Depths of the Mozilla Build System

I should really be posting about some important plans for the Mozilla build system that I nailed down during the Firefox summit. But I don’t have time to give that a proper post, so instead I’m going to discuss one of the amazing things I’ve learned about the Mozilla build system over the past few days. Look at this snippet from I’ve been the nominal owner of this code for almost two years, but didn’t really understand it until this week. This little piece of code is one of the things that makes our build system really great and horrible at the same time:

  1. Whenever people remove or alter the location of header files, this code keeps all the depend builds from going red.
  2. It causes us to call stat() an extra 10,000+ times per depend build. Probably a lot more than that, actually, but I didn’t instrument it.

We do an end-run around the normal dependency checks done by GNU make: the script stats and calculates the compiler-generated dependencies in advance. If the dependency is missing or new, it adds a FORCE dependency on the object file. Unfortunately, we do this calculation on each build pass: once for export, once for libs, once for tools, and perhaps another time for check. This causes us to check dependencies many many more times than we actually need to.

What we really want to implement is an “optional dependency”: a directive that if a header has been updated, we should rebuild the object; but if the header doesn’t exist any more, we shouldn’t try to build it (because we don’t have any rules to generate such headers which were removed or relocated intentionally). This is probably not something I’m going to fix any time soon. But I may find time to write it up in detail to propose it as a feature for gmake 3.82.

Atom Feed for Comments 3 Responses to “Depths of the Mozilla Build System”

  1. David Baron Says:

    I think your definition of “optional dependency” isn’t quite right. If the header has been removed, we should also try to rebuild the object (since we want depend builds to break if they still need the header), but we should not try to build the header.

  2. BSBlog Says: stats…

    My last post mentioned that causes our build system to do many extra calls to stat(). I’ve done some instrumentation and come up with the following numbers (Linux, Firefox trunk):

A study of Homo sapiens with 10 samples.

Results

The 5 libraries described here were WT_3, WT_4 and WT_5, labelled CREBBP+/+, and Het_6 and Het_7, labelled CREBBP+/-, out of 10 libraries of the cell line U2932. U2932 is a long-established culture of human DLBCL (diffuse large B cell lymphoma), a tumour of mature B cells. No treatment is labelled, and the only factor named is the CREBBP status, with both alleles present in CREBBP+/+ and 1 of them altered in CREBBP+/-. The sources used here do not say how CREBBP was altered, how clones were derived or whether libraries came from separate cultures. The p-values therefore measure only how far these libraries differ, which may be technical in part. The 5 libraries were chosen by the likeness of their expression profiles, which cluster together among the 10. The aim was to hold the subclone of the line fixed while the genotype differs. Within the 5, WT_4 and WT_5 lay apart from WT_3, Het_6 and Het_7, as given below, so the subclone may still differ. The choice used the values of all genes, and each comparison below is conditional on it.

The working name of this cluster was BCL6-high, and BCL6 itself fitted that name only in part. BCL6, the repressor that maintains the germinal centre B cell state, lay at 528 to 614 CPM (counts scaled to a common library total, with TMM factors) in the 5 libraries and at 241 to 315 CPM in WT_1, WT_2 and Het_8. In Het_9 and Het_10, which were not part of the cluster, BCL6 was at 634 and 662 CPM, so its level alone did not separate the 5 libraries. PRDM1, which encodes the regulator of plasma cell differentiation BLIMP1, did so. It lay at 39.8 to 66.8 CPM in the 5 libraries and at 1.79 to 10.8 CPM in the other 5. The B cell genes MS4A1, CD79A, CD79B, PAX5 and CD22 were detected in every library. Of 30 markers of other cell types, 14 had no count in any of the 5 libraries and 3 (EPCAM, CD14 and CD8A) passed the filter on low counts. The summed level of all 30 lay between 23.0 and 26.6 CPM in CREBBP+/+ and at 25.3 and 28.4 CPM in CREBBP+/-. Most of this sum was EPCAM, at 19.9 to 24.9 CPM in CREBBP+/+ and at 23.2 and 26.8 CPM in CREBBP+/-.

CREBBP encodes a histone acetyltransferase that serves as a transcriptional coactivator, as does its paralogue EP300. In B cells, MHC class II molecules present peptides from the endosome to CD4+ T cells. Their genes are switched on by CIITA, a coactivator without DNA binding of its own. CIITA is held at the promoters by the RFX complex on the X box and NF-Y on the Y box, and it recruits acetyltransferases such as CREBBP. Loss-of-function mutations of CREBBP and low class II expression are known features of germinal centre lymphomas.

Calls to
    mddepend calls to stat()


  3. Alan Grosskurth Says:

    Hi Benjamin: Thanks for the interesting post! IMHO, rather than “optional dependencies,” I would describe what you are seeing as two separate concepts:

    1. Dynamic dependencies

    When it comes time to rebuild a source file, you want to determine the dependencies for it then, not as part of a separate pre-build phase. The scanner can look at the source file and write out a list of headers it depends on to a file. The source file can then depend not only on this file, but also *each* of the files listed within. This eliminates the need for multiple passes and starting over from the beginning. It is also in direct contrast to the way make works—make wants to know about all the dependencies up front. (Well, GNU make allows included Makefile fragments to be dependencies; it will automatically rebuild these fragments first and then start again, but this technique gets messy and has limitations).

    2. Dependencies on nonexistent files

    Current build tools only notice if existing files are modified or removed; there’s no way to tell them that a target should be considered out of date if a particular file is *created*.

    SCons doesn’t really help with these problems because it follows the same general process as make: build up a complete graph of (mostly) static dependencies and then start the actual build using this graph.

    The only tool I’m aware of that is designed to build in a purely top-down manner, calculating dependencies on the fly, is D. J. Bernstein’s unpublished “redo” package:

    I’m working on a prototype, but ATM it’s definitely not ready for prime-time. Still, feel free to email me if you’re interested.